Quantum statistics in Bohmian trajectory gravity

September 21, 2019 — Leave a comment

T C Andersen 2019 J. Phys.: Conf. Ser. 1275 0120389th International Workshop DICE2018 : Spacetime – Matter – Quantum Mechanics

Abstract. The recent experimental proposals by Bose et al. and Marletto et al. (BMV) outline a way to test for the quantum nature of gravity by measuring gravitationally induced differential phase accumulation over the superposed paths of two ∼ 10−14kg masses. These authors outline the expected outcome of these experiments for semi-classical, quantum gravity and collapse models. It is found that both semi-classical and collapse models predict a lack of entanglement in the experimental results. This work predicts the outcome of the BMV experiment in Bohmian trajectory gravity – where classical gravity is assumed to couple to the particle configuration in each Bohmian path, as opposed to semi-classical gravity where gravity couples to the expectation value of the wave function, or of quantized gravity, where the gravitational field is itself in a quantum superposition. In the case of the BMV experiment, Bohmian trajectory gravity predicts that there will be quantum entanglement. This is surprising as the gravitational field is treated classically. A discussion of how Bohmian trajectory gravity can induce quantum entanglement for a non superposed gravitational field is put forward.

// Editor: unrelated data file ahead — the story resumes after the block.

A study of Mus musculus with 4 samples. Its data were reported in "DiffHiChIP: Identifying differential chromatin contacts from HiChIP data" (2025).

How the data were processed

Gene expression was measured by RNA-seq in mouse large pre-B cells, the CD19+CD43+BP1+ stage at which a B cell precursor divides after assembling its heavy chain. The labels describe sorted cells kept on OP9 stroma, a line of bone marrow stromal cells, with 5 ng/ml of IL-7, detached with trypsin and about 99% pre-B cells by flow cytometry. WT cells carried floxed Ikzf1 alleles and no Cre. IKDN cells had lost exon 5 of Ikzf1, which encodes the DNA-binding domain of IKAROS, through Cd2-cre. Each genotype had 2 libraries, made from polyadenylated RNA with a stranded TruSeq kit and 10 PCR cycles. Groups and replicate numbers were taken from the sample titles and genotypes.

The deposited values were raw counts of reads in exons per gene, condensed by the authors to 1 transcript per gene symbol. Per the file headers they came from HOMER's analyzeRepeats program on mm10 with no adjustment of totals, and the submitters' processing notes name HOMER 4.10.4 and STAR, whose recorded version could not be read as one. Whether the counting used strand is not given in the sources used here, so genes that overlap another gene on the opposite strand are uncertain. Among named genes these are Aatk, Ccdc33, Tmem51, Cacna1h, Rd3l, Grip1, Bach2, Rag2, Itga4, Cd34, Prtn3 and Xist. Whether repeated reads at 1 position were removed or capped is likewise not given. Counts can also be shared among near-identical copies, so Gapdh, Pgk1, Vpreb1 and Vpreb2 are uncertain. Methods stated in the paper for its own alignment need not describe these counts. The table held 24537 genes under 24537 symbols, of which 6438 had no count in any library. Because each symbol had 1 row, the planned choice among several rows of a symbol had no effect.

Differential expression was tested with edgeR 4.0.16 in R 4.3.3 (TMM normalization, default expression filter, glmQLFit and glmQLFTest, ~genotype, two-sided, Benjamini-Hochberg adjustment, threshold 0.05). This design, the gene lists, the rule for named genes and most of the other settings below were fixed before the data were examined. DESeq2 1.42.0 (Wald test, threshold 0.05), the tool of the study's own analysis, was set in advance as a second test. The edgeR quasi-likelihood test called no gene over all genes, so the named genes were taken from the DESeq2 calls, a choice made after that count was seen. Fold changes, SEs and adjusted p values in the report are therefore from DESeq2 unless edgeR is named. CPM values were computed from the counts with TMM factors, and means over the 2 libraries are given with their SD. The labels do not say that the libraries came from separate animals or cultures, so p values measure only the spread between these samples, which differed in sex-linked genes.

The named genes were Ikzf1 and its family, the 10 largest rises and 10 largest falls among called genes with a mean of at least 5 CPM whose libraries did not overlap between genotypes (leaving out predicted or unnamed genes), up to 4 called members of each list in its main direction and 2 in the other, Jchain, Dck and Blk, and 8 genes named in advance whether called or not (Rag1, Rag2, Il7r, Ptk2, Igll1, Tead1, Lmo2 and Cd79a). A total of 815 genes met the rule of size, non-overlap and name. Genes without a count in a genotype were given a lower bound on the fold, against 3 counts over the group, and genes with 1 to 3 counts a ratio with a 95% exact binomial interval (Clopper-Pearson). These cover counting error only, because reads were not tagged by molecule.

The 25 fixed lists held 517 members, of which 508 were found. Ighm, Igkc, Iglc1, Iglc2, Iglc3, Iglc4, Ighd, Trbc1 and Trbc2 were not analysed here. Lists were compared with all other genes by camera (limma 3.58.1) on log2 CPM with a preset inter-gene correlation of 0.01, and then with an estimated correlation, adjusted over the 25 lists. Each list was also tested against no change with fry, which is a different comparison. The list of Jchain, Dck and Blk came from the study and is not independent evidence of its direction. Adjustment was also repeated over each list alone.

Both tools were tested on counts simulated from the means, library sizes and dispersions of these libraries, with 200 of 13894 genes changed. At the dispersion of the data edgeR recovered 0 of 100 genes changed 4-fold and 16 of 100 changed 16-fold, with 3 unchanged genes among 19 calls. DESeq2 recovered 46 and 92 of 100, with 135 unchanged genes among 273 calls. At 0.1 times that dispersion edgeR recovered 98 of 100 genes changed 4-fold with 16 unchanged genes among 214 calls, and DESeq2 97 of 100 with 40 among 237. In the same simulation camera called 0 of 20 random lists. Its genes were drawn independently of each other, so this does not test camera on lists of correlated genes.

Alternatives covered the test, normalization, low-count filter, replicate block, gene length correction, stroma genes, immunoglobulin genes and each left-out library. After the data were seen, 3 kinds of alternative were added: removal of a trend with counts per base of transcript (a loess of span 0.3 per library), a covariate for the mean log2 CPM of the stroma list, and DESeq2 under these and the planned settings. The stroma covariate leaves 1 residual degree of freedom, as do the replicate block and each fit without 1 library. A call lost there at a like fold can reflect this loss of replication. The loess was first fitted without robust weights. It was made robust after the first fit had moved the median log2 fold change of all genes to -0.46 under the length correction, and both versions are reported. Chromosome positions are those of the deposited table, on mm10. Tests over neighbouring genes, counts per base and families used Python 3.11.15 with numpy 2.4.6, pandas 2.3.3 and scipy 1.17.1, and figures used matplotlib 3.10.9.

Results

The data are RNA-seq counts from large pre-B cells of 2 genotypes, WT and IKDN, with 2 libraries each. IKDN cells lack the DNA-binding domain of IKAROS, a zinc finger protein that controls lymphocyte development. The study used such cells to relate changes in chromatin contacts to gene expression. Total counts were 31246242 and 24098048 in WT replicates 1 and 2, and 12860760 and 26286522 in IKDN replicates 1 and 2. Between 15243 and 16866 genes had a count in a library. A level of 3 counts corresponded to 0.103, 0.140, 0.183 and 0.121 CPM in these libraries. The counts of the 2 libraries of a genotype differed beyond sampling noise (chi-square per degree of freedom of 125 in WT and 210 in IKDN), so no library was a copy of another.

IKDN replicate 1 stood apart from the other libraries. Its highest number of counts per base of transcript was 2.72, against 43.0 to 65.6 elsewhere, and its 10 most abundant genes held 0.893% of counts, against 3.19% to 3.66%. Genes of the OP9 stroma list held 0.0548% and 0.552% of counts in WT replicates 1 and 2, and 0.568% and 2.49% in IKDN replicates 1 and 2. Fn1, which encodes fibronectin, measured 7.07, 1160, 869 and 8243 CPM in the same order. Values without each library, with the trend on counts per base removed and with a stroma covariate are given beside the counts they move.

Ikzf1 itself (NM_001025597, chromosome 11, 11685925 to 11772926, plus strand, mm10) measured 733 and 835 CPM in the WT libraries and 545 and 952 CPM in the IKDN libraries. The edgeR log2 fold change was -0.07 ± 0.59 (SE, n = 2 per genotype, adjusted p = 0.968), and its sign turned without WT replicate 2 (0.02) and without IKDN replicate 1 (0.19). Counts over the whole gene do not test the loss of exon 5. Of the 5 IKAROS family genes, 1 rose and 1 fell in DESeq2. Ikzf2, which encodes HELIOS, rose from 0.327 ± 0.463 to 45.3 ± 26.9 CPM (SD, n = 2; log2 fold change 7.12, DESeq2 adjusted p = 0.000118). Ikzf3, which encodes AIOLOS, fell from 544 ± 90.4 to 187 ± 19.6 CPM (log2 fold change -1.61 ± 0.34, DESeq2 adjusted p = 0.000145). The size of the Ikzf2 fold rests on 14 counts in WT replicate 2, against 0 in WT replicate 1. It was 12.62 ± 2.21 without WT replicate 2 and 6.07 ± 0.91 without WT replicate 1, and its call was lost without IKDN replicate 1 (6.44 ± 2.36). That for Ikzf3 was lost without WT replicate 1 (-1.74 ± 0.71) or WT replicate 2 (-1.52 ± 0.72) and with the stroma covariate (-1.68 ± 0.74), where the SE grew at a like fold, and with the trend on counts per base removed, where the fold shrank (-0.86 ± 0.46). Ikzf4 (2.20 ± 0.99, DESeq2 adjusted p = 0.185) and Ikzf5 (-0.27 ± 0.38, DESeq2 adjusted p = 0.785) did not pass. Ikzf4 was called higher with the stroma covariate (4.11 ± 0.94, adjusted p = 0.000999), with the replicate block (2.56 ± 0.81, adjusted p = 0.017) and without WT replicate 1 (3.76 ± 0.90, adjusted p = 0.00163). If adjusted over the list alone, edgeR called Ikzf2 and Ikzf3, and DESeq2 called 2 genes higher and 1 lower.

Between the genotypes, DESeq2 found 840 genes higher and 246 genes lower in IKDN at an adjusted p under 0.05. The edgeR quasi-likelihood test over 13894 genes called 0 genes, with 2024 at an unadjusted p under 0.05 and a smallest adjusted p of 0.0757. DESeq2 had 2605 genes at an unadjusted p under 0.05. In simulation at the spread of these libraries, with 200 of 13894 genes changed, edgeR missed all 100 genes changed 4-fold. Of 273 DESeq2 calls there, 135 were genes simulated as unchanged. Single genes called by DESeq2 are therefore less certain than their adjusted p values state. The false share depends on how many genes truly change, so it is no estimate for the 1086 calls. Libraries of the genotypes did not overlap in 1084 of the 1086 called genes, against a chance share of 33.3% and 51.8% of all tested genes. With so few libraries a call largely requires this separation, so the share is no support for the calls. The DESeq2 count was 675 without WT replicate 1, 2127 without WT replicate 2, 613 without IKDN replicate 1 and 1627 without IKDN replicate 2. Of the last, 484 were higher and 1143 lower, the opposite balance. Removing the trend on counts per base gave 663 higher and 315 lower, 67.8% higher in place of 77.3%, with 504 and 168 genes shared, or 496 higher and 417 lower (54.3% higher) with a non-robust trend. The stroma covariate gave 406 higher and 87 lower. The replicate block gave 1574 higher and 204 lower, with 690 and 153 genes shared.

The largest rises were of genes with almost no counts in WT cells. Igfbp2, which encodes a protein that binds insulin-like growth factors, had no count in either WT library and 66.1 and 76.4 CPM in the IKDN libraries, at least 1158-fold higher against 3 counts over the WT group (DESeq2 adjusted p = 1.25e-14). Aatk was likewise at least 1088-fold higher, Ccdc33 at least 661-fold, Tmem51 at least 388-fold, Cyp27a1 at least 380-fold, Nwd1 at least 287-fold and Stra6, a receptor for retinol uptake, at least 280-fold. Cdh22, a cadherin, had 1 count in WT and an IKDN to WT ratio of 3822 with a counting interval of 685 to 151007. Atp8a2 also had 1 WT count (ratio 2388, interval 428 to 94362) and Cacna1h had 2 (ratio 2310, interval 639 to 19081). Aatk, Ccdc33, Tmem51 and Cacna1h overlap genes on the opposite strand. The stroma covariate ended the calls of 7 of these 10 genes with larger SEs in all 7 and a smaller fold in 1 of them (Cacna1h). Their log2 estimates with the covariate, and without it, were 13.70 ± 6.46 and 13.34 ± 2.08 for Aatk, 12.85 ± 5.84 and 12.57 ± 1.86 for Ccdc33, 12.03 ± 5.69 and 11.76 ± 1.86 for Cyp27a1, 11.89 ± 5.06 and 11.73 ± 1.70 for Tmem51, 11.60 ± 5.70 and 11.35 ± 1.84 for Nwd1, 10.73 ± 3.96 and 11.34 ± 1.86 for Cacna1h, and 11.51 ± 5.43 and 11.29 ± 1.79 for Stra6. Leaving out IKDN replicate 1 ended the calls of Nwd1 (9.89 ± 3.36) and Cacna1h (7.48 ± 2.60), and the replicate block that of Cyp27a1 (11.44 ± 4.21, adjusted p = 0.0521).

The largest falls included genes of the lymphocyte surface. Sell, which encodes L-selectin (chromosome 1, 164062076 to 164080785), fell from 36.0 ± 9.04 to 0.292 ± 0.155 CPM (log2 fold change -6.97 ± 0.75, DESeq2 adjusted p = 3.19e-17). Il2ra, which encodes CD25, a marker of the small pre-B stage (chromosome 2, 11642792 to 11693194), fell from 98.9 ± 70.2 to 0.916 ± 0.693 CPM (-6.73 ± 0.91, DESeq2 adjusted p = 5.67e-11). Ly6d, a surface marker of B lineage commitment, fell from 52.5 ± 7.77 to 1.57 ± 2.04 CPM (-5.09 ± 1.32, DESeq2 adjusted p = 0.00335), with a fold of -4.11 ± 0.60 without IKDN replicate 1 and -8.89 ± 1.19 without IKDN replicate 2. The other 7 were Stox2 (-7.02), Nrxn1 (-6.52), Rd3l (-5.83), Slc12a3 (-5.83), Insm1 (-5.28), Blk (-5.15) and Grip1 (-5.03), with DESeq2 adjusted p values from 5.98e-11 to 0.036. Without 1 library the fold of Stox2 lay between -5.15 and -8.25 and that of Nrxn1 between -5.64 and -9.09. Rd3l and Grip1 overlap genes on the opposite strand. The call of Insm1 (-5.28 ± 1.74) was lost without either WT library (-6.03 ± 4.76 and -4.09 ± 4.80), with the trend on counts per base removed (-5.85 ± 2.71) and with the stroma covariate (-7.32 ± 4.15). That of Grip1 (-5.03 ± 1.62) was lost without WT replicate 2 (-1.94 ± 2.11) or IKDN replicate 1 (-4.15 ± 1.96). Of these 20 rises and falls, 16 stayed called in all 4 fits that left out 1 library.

This paper is a result of a talk I gave at DICE2018. The trip and the talk allowed me to sharpen the math and the arguments in this paper. I’m convinced that the results of a BMV like experiment would show these results – namely that gravity violates QM! Most physicists are of course on the opposite side of this and would assume that QM would win in a BMV experiment.

For those of the main camp, this paper is still important, as it describes another way to approximate quantum gravity – one that works better than the very often used Rosenfeld style semi-classical gravity. Sitting through talks where researchers use the semi-classical approximation in order to do sophisticated quantum gravity phenomenology has convinced me that often the results would change significantly if they had of used a Bohmian trajectory approach instead. The chemists figured this out a while ago – a Bohmian approximation is much more accurate than semi-classical approximations.

In some sense semi-classical gravity seems more complicated than Bohmian trajectory gravity, as in semi-classical gravity the gravitational field has to somehow integrate the entire position space of the wave function (a non local entity) in real time (via the Schr ̈odinger – Newton equation), in order to continuously use the expectation value as a source for the gravitational field. In Bohmian mechanics, the gravitational field connects directly to an existing ’hidden’ particle position, which is conceptually simpler.